The Acid Tongue
Selected By Cyril Wong
I picked Andrew Harrison's review for this issue of QLRS more for the interesting premise that he highlights in Kimberly Cornish's The Jew of Linz, and less for its "acidic" qualities. This is not to say that they are absent. But the central idea of Cornish's book, which Harrison probably thinks is its only selling point, is nonetheless an interesting one about how Hitler's anti-Semitic agenda was a consequence of who he met as a kid in school. Harrison sums up the point in an engaging way:
How's this for the worst school story ever? In 1904-5 Hitler and Wittgenstein, both 14 years old, attended the same school, the Realschule at Linz... (Cornish presents) quite tempting circumstantial evidence that they made close contact... On Cornish's account these sad little boys had (apparently) much in common: a passion for the writings of Schopenhauer and for the music of Wagner - and for whistling. They also had quite enough for a terrible antagonism: Wittgenstein, from a wealthy, over-cultivated family of Jewish (and anti-Semitic) Catholics...would have been the perfect object for a little bully's hatred of an outsider and victim... Schools can indeed be awful places. But if Cornish is right, that childhood horror was to grow thereafter to monstrous proportions. 'Hitler, I suggest,' he says '...was repelled by Wittgenstein and came to attribute what he saw as Wittgenstein's particular personality defects to Jews in general...
Harrison quickly points out that Cornish's leap from childhood hostilities to the Holocaust is an unconvincing one:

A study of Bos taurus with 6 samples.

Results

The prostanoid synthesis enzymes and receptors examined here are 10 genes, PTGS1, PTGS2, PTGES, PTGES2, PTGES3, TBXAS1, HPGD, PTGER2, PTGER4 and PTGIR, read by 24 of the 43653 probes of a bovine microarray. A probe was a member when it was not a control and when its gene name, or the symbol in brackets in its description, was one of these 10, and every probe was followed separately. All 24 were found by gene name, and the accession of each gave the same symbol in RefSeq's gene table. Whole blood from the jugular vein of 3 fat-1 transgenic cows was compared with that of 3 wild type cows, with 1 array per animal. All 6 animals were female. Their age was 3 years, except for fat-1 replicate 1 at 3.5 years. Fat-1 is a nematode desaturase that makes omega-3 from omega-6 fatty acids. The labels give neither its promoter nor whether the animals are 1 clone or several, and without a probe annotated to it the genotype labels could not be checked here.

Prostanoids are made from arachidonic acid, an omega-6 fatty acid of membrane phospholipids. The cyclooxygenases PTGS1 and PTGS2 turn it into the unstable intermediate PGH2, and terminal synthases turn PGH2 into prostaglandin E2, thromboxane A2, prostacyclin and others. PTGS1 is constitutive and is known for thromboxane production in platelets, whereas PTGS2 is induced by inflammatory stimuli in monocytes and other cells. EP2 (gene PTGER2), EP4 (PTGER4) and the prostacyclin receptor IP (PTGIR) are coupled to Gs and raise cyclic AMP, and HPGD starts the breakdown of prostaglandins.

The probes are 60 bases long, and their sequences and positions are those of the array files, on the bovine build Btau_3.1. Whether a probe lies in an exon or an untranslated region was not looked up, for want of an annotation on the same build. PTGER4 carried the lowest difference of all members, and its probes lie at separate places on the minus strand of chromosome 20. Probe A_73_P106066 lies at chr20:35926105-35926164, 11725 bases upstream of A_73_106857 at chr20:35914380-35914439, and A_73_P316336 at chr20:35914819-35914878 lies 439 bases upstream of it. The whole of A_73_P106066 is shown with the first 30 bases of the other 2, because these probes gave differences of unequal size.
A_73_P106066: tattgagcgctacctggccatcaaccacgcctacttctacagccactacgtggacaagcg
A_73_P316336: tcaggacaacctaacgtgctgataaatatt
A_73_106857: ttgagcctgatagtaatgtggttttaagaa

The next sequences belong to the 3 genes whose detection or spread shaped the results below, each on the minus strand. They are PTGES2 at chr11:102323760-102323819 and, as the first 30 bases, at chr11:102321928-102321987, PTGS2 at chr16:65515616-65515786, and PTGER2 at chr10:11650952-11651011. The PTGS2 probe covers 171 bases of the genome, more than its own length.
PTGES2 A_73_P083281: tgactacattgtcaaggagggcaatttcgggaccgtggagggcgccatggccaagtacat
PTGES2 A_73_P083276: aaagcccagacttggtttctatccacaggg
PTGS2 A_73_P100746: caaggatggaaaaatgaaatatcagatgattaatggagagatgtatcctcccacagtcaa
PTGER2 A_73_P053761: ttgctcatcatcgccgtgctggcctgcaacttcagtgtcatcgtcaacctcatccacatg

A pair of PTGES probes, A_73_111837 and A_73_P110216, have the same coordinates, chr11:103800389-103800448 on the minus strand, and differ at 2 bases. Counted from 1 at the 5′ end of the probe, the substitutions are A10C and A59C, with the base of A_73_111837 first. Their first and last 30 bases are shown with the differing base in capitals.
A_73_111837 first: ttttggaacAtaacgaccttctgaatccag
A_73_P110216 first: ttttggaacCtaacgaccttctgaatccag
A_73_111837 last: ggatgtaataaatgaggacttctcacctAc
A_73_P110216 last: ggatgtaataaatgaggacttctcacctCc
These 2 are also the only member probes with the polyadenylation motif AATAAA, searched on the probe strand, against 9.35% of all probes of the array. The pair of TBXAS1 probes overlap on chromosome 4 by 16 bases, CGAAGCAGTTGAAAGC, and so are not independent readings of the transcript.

Could it really be that six million Jewish victims and all those others were systematically murdered by the mass production methods of a significant part of a civilised society just because of an antagonism between two bewildered small boys? The horrifying thought belongs not to 'the detective work of history' (Cornish's description of his project) but to speculative drama. There is a powerful play to be written that presents it, but this book is not its vehicle... Cornish's evidence is thin and spread over many pages. There is a familiar smell of homophobic spycatching. Wittgenstein knew all the right people - but then so did everybody: it was a small, intense place. Wittgenstein had motives for disliking Nazis - so did most of the best people... Cornish's clincher is that the Russians offered Wittgenstein a chair at Kasan University (Lenin's university!) - perhaps as a reward. What reward, for whom?
The reviewer continues his bashing with his fist in a loose-fitting glove:
QLRS Vol. 10 No. 3 Jul 2011
From then on it's down hill all the way to the Big Philosophical Idea... As an account of Wittgenstein this is unconvincing, sometimes even unintelligible. It never occurs to Cornish that such ideas are the objects of reductio ad absurdum arguments of a deep and, for Wittgenstein, all-pervading sense of intellectual irony. Kimberly Cornish senses no irony, deep or otherwise... So the subsequent horrors had their origins in a tug of war over the ownership of a schoolboy's intellectual fantasy developed, just possibly, in the oppressive schoolrooms of Linz. There is evidence that Cornish really does believe something like this...this book is not ad majorum dei gloriam: it remains a not un-entertaining, if tasteless, form of learned sensationalism.